Going Home

 

 

 

My new name is Joaquin.  I came to this here terrier foster home (some dogs come here to "boot camp" but not me!) with the name -what else - "Jack" And I do listen to Jack. Although supposedly I was a stray. So either the people who brought me to the big crowded shelter only said that I was "found" so they did not feel embarassed at dumping me, or I am just so smart and learn a name in a few days. 

Nothing wrong with my eyes, just winking at you. I am a JR of course -but other then being endlessly curious and playful, I am not what you expect from a JR. To start:  I am afraid of heights! I am even afraid to jump from this chair that I have been sitting on for the photos. But that does not keep me from climbing. And I get my nose into everything. Especially WATER. I love water.  I jump into the bath tub asking to get a bath! I try to dip into the water bowl.  When sreing the river behind the house I did not hesitate for a moment: jumped in and swam! For a minute, then I climbed back onto land.

I do get my nose into every thing. That includes climbing onto the desk here and "taking" a pen that I then examine closely.  I need a lot of toys and bones to keep me from examining stuff here.  Still, I would be safest in a crate when nobody' s around to keep an eye on me. And I really don't want to spend most of the day in a crate.  So I am looking for an owner who either works at/ from home, or is retired and has time to be entertained by a dog like me. I walk well on leash, and am not a "runner", but that has not yet been tested. I am perfectly content to walk on a long leash.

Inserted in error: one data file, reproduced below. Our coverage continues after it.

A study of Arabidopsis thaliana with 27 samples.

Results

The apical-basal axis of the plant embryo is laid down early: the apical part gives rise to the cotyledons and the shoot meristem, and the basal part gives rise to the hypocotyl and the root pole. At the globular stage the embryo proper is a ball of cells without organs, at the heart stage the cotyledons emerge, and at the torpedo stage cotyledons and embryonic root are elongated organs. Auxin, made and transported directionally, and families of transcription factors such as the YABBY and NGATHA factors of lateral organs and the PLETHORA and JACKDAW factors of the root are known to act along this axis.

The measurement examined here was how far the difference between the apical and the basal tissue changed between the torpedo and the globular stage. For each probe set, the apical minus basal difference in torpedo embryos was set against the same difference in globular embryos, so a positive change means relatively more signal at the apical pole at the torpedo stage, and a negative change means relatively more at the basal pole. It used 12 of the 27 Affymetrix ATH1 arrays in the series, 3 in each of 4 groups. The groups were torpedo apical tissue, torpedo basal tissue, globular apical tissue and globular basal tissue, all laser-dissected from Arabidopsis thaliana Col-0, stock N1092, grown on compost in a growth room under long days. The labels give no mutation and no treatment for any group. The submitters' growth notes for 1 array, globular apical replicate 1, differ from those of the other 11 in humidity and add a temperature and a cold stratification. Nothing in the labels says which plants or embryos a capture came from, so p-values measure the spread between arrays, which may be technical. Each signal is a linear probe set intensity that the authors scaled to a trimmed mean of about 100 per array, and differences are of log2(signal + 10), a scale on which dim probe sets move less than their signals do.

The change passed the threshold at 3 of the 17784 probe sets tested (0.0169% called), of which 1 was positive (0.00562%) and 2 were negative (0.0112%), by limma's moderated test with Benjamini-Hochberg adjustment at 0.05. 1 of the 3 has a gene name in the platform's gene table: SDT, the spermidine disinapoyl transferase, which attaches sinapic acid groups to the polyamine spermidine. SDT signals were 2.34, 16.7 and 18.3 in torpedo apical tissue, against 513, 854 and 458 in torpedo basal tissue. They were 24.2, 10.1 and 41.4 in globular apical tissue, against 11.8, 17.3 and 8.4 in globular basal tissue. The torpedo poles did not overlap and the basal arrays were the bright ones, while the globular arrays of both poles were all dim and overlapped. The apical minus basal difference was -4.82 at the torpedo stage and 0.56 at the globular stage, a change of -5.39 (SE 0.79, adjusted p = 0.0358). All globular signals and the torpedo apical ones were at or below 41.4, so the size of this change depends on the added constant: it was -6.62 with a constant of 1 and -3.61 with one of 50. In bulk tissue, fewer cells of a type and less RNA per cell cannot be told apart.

Shelter said I had no "issues" . True, I am very friendly and gentle with people and also with other dogs.

I am 4 years, so just past the juvenile stage. Healthy, ready to climb into your lap,  and warm your feet in cold winter nights!

Email: Joaquin@Rescueadopt.com

Please click here to send an adoption application

Please read about our "kid clause":

 

 

 

 

 

 

 

 

 

 

 

 

 

 

 

 

 

 

 

We rarely if ever place our foster dogs into families with FULLTIME children under 6. Even the most dog experienced parents of respectful small children may become concerned when a dog  growls in the presence of a child and will prefer to remove a potential risk.  Because all of our foster dogs are "second hand" dogs,  experience has taught us not to take any chances. Why not label them with the "no children" sign on the Petfinder database?   Because even potential adopters without small children may associate the "red flag"   with a "bite history". They may not even have a look at a dog who could be a good match for them.